You are right to be proud of your late husband and of his service, and sincere condolences that he is no longer with us. The managers of this site can explain how to update the list you found. I’m impressed – never seen that list before on the website. But don’t be alarmed that Ponie Star’s name is not on that list. My grandfather served in the Armed Guard, and his name is not on there, either.
As for the Armed Guard itself, they served a less glamorous role than the flyboys and the leathernecks – but a role those guys depended upon for everything. People overlook the fact that every bullet, every gallon of fuel, every meal ration had to be shipped across the ocean in wartime. So to give those civilian cargo ships a fighting chance against submarines and shore-based aircraft, weapons were installed on board those ships (nicknamed “Liberty Ships”) and crewed by active duty Navy personnel: the Armed Guard. Your husband & his mates and the civilian crews of his ships all shared the same hazards on those voyages.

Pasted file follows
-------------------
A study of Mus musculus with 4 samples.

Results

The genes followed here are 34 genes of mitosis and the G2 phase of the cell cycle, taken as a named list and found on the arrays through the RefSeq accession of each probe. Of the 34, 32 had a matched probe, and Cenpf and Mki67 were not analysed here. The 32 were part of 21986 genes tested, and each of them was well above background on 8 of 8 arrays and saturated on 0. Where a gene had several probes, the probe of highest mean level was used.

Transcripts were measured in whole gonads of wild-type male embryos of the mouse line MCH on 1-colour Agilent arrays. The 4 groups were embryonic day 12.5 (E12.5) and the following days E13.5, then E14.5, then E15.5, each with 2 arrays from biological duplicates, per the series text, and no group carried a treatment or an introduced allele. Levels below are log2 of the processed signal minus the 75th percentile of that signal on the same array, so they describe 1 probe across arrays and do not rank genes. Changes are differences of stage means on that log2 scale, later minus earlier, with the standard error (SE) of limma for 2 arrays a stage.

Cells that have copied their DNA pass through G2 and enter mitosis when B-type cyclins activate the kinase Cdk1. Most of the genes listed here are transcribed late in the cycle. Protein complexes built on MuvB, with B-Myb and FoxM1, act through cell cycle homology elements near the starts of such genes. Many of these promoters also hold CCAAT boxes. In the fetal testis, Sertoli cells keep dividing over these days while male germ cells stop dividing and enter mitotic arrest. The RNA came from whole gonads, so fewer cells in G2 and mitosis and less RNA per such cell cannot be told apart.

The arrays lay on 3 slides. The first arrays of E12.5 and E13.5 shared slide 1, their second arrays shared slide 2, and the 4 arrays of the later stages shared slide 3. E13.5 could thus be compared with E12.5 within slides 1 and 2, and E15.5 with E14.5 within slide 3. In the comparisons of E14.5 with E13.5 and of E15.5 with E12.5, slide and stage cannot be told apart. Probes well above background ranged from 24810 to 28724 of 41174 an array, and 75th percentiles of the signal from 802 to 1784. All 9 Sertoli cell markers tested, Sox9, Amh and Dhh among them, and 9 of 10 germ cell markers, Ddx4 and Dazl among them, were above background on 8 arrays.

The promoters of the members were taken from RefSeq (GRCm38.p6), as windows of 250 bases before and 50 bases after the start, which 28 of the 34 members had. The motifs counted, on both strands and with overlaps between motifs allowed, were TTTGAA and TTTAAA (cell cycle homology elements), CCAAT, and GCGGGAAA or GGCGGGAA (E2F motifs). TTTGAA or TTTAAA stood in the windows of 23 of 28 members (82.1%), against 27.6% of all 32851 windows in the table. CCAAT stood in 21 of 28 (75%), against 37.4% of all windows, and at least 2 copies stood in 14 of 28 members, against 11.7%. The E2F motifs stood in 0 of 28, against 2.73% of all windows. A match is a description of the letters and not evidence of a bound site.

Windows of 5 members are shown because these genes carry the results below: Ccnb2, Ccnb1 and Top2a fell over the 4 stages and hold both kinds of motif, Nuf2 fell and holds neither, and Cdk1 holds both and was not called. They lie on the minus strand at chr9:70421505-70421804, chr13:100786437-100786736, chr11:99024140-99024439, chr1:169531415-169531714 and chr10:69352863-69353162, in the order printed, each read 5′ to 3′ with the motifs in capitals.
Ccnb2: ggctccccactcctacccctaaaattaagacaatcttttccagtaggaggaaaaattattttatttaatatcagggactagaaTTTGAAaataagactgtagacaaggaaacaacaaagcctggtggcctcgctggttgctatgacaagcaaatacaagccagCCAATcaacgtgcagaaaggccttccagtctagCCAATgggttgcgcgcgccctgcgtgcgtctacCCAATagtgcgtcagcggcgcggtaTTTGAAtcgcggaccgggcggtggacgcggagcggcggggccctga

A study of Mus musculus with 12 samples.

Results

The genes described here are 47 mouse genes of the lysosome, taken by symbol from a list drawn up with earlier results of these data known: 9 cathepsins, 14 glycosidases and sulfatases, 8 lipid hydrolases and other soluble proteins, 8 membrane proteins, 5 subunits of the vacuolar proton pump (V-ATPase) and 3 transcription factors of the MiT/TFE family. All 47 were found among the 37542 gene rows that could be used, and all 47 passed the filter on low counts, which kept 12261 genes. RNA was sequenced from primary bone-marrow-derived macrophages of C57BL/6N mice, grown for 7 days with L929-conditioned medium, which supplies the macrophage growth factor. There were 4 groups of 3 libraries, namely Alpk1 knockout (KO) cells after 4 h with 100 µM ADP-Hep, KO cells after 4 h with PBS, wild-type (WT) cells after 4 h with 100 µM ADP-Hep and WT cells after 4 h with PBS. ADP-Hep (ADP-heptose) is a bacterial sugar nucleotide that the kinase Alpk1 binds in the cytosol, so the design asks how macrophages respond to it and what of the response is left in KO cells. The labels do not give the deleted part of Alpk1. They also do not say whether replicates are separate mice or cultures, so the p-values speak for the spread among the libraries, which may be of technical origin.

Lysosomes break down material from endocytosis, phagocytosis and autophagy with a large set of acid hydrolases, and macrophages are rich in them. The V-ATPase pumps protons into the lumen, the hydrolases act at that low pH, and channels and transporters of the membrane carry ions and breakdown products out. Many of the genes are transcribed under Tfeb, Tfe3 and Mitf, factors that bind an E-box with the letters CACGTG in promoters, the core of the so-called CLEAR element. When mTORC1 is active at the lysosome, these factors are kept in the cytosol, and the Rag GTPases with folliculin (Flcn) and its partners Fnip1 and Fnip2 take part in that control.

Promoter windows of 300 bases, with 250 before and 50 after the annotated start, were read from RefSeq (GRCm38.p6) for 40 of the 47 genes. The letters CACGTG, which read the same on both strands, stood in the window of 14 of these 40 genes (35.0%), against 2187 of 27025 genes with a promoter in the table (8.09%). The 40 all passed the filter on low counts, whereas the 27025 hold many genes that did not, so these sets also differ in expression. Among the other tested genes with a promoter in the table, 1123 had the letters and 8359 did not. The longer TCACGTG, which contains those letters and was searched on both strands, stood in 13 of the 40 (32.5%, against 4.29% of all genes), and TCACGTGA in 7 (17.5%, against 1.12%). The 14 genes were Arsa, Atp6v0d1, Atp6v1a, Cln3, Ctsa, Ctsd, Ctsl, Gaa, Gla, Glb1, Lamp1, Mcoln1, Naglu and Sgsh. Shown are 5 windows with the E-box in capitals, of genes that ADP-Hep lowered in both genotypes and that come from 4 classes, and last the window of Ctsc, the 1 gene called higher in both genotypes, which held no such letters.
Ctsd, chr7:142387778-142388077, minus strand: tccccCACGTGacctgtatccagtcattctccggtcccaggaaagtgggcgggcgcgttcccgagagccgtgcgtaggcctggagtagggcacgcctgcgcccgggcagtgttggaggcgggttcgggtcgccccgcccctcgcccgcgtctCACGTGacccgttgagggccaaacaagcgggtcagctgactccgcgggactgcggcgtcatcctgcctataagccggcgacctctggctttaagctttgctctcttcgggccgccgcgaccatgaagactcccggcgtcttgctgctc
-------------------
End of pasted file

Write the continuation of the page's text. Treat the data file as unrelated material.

If you’d like to more about those voyages, Webmaster Ron Carlson posted a reply to me on this site last year:
“…go to this excellent website, http://www.convoyweb.org.uk/hague/index.html , and perform a Ship Search for the name of each ship. From this you will get a list of all the wartime convoys in which the ship sailed, the originating and destination port, the inclusive dates of the convoy from departure to arrival, and sometime a very little bit of information about the ship itself, such as the cargo carried or its position within the convoy. At the bottom of the results page for each ship there will be a phrase, "To continue the search for OTHER voyages of [name of ship], click here." When you click there you will get a complete listing of the ship's whereabouts during the war, in chronological order, including instances in which the ship sailed independently, i.e., not in convoy and without warship escort. That list is even more useful than the list by convoys.”